On Twitter soon afterward, Clementi learned that Ravi and others had viewed a live feed of his encounter with a twenty-something guy he had met a week earlier on a gay hookup site.
The 18-year-old freshman from Ridgewood spoke to a resident adviser about getting a new roommate, but he also invited his acquaintance to visit again on Sept. 21. The following day - after another alleged voyeurism attempt by Ravi - Clementi jumped to his death from the George Washington Bridge.
Officially, that tragedy is unrelated to the 15 charges of bias intimidation, invasion of privacy, and evidence tampering against Ravi, who has pleaded not guilty and is free on $25,000 bail. He left Rutgers last fall.
But Clementi's suicide was a presence in the courtroom, where his parents, Joseph and Jane, showed little emotion. The couple also remained stoic as their son's private acts were repeatedly alluded to, however obliquely.
Berman, defense attorney Steve Altman, and Middlesex County First Assistant Prosecutor Julia L. McClure were exquisitely careful.
During a 90-minute hearing about the high-tech exposure of a young man's physical intimacy with another male, the word homosexuality came up once - and then only in connection with how the public might view the matter.
For gay men of my generation, the walking on eggshells was reminiscent of a time when being out could land a guy on unemployment rather than on TV.
Glee, gay marriage, and a younger generation's supposedly easier acceptance of nontraditional families notwithstanding, same-sex intimacy - in other words, sex - still makes plenty of people uncomfortable.
How uncomfortable an issue it was for Ravi, and for Clementi, is central to the case.
The defense and the prosecution have sought to, respectively, obtain and withhold the name of the man who visited Clementi and who is referred to in court documents simply as "M.B." The defense has said it does not want to expose M.B., but merely to interview him about Clementi's state of mind.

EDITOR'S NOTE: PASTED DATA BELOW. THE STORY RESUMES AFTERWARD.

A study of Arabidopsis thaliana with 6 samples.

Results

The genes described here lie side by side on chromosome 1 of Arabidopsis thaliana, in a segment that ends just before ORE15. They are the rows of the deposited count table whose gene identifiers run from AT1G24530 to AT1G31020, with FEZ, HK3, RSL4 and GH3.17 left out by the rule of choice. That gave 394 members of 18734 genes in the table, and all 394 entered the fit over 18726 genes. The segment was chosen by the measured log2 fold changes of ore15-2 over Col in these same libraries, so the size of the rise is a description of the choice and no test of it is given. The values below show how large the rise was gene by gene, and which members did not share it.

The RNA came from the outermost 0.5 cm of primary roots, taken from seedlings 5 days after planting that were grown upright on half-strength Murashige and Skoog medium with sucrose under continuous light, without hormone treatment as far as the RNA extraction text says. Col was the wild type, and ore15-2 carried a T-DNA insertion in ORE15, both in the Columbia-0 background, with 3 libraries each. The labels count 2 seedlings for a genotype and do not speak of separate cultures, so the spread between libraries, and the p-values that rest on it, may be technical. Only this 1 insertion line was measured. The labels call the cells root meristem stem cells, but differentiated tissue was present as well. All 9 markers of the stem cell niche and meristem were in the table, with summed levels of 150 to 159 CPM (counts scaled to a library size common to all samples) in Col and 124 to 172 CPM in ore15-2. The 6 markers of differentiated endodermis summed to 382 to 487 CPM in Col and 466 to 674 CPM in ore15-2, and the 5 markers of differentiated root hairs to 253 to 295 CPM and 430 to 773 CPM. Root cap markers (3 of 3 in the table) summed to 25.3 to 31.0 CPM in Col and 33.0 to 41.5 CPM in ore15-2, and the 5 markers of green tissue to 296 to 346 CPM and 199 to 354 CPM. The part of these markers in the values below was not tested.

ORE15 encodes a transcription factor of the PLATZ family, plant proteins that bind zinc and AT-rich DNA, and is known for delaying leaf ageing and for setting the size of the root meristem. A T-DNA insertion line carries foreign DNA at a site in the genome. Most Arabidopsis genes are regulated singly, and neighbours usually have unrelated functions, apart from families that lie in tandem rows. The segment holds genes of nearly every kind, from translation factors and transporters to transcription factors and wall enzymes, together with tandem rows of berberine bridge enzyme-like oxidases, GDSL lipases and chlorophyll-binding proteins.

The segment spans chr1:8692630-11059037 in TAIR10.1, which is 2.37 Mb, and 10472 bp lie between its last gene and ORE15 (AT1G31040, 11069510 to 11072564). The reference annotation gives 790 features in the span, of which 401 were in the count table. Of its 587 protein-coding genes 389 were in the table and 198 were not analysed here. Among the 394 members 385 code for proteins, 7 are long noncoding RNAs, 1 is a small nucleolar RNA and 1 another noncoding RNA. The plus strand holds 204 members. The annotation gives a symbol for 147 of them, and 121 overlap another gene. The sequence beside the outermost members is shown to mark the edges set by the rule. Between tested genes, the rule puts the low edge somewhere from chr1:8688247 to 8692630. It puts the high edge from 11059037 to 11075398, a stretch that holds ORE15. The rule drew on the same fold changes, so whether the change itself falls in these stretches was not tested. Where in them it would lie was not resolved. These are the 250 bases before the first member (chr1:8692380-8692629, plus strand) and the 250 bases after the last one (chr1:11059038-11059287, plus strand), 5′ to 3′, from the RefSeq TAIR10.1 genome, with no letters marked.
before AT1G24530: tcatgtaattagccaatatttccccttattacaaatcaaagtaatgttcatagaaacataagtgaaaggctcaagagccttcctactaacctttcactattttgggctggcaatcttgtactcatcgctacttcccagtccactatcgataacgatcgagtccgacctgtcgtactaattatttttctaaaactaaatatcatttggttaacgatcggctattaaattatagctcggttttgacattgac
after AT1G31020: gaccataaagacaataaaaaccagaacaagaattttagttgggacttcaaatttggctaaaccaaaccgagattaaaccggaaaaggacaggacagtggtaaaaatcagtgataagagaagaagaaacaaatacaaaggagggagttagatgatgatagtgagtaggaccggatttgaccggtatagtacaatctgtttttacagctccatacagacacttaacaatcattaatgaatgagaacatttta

The two sides also have jousted over written material found in Clementi's backpack, and over the contents of the dead man's computer.
On Friday, Berman OKd the release of the name to Ravi's lawyers, and said he wanted to review Clementi's computer files and written material privately before deciding whether to make them accessible. The prosecution has until this Friday to respond to the rulings.
The stack of public documents the case has so far generated clearly suggest that sharing a 16-by-16-foot room in Davidson Hall made both men anxious.
Friends told investigators that Ravi spoke of being "creeped out" that gay sex had taken place in the room. He joked about setting up a computer program to wake him if Clementi tried to assault him as he slept.
Clementi's mother told Rutgers officials that her son, who court documents show was familiar with freewheeling gay websites with names like Justusboys, had been depressed.
Whatever his struggles, his pain is over.
But for the people who loved and miss him, and for Ravi and his loved ones, the pain is about to deepen.
They will need all of the courtroom composure they can muster.
Contact staff writer Kevin Riordan at 856-779-3845, firstname.lastname@example.org, or @inqkriordan on Twitter. Read the metro columnists' blog, "Blinq," at http://www.philly.com/blinq.